The last time I saw Jeff Lemire’s work, it was on the New 52’s reboot of Animal Man (although Lemire is currently working on Justice League Dark and Green Arrow). For some reason the grittiness and harsh images from the first issue stuck with me and have become synonymous with his work and name, though of course that Animal Man was pencilled by Travel Foreman. I'm not hugely familiar with Lemire's own artwork on things like The Nobody and Sweet Tooth, both Vertigo titles. So it was largely fresh experience for me as I picked up his new Vertigo title: Trillium.
The first issue of Trillium is a tale of two halves in the most literal sense, which is a strange statement to make but easier to explain when you see the comic itself. On the front cover you have the titles, the barcode and price, a large upside down character and then smaller imagery beneath that the right way up. Flip the book over and on the back cover you have exactly the same but with different images. Suddenly you realise it's not the back cover, but another front cover. Trillium #1 is two cleverly entwined stories, both leading to the centre of the issue and the same geographical and chronological point. Just with them both coming from very different starting places.
Chapter one is set in the year 3797 where we meet a scientist, Nika, who is studying a native tribe called the Atabithians located on a far flung planet. Mankind has been hunted across the galaxy by a sentient virus, but now there is a chance for survival in an indigenous plant that is part of the Trillium species. Sadly it's in located within the Atabithians' village, and the previous attempt to enter ended in fatalities to the first team.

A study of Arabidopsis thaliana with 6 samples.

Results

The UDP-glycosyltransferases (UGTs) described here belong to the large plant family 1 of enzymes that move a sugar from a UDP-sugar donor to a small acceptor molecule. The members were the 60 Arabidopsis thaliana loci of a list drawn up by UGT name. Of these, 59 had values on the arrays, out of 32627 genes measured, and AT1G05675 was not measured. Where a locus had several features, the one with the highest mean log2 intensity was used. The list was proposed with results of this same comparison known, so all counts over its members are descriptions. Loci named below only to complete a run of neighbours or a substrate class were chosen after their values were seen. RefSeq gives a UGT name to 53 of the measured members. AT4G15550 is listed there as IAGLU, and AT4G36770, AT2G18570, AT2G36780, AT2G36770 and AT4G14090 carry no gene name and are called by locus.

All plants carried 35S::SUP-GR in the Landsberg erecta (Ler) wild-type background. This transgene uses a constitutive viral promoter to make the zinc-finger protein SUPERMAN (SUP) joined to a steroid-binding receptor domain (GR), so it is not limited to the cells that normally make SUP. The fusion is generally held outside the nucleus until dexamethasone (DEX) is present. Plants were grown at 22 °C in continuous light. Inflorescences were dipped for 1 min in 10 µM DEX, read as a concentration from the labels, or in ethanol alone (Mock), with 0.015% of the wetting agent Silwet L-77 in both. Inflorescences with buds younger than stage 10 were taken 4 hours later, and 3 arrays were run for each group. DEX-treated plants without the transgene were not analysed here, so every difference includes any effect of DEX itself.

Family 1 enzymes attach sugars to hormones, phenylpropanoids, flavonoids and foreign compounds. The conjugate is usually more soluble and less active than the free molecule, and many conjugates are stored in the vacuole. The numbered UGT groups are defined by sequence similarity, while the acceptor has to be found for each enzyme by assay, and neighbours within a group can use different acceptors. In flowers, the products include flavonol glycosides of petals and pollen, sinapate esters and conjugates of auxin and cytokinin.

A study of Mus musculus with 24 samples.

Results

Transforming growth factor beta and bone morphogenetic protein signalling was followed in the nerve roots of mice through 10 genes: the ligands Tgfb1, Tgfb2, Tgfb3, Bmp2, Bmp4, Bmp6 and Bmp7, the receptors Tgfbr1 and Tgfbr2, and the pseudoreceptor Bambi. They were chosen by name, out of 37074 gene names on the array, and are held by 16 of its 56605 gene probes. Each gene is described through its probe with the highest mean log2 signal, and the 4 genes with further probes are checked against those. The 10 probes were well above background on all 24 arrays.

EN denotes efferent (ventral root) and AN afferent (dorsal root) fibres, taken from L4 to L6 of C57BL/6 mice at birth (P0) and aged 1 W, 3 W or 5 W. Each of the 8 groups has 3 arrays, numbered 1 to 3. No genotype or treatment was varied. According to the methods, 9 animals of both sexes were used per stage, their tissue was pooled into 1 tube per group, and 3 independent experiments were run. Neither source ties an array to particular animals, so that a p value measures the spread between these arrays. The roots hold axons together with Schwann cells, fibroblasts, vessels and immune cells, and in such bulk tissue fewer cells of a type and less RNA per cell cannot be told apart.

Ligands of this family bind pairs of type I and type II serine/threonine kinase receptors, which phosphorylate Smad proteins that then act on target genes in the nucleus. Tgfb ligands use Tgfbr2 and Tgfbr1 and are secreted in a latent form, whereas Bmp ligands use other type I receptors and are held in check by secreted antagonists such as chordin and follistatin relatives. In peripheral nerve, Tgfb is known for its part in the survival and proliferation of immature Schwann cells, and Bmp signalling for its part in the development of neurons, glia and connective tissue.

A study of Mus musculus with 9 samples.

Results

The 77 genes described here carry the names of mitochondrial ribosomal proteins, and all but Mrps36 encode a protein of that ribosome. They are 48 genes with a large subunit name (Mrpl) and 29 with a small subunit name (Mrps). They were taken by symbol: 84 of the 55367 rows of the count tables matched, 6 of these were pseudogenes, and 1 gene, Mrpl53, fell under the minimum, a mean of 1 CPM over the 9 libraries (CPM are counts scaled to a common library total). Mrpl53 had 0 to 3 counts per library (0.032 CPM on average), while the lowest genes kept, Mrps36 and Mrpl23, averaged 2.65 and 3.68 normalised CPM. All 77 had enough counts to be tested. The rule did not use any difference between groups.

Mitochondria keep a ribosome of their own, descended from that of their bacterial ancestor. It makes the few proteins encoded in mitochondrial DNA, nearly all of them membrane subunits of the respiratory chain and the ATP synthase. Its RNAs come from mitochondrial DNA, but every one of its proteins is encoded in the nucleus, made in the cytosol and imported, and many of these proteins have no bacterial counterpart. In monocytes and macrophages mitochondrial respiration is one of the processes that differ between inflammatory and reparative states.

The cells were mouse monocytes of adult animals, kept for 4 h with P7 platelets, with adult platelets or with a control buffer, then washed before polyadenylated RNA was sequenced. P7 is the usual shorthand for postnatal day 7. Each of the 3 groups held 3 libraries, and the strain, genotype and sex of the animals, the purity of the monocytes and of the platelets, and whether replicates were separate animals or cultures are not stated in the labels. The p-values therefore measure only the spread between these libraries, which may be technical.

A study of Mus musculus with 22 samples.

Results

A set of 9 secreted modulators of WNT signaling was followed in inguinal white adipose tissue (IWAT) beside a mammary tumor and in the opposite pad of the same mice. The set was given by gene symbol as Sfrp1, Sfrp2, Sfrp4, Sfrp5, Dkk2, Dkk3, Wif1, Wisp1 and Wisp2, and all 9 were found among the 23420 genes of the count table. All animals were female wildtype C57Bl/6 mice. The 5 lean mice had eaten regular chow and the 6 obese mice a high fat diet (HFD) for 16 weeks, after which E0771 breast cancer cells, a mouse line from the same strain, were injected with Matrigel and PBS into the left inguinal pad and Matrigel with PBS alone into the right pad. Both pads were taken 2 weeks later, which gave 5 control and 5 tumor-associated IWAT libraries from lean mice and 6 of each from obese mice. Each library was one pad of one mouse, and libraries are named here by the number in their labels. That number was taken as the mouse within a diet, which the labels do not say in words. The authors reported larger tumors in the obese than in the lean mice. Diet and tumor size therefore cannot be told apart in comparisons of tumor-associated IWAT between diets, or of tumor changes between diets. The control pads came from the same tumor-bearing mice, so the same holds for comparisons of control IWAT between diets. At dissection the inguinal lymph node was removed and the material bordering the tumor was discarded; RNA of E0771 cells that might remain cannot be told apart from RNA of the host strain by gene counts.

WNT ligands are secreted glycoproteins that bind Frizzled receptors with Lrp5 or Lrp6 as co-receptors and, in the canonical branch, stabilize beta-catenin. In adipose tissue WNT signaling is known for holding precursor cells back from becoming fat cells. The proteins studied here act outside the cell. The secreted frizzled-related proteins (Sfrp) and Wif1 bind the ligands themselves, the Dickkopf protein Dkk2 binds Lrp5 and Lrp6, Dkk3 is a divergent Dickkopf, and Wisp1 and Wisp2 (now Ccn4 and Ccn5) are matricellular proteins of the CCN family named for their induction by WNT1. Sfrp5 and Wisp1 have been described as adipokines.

Given that this story can only last for half a comic it moves quickly and before long Nika is finding her way into the village, despite her AI (Essie) trying to persuade her to see sense. Being more culturally sensitive to the situation - or maybe simply lucky - Nika is taken within and experiences a new side of the Trillium. Her limited translation programme can only help out in minor fragments, which means she has a limited idea of what is happening as she is lead away to a temple. Stepping through the temple changes everything though as she is confronted by a man armed with a machete.
Chapter 1.2 is the story of The Soldier set in 1921. Scouring the Amazon as part of an exploration party we meet William. A man who is haunted by his past experiences in the Great War and is having a hard time separating his memories from reality. Whereas Nika’s story has a very current feel to it, William's is more supported with flashbacks and previous events. Essentially a man living very much in his own past.
As they beat their way deeper into the forest, their local guide is getting more and more scared as they approach a “bad village.” Given the sight of strung up bodies and barely compus mentis man (who you may recognise from Nika's story) it's quite understandable. When they are attacked the flimsy line between his mind and the present moment blurs, leaving William fleeing and fighting for his life once more. He barely survives an encounter as he is pounced upon by a native tribesman and fends him off with a machete. Bewildered and disoriented he finds a pyramid temple. Rounding a corner he is confronted by our protagonist scientist from 3797.
Now with the obvious exception of the time and space connotations, I have to be honest that I have no idea of where this is going, but I can think of plenty of ideas. Lemire’s story is a good combination with a unique opening. I have also liked the way in that the individual characters have had their own personalities bleed into their own evolving stories. That said I did find that Nika’s story felt longer and moved quicker.
Lemire's artwork here is reminiscent of Eduardo Risso's work on Spaceman. It's fairly similar if not a lot more colourful. Whilst not the neatest of work, the big expanses convey lots of information without being too intricate. In contrast the smaller frames are filled with nonspecific details. I feel it suffers when it concentrates too much on individuals though, as the faces can lose some of their integrity and look a bit childish.
The presentation of the comic is very interesting and the story itself - coming from two very different angles at the same time - is also intriguing. I'm not sure how it will all unfold but it's definitely worth a look, especially for Lemire fans.
Matt Puddy does his best to not eat strange flowers.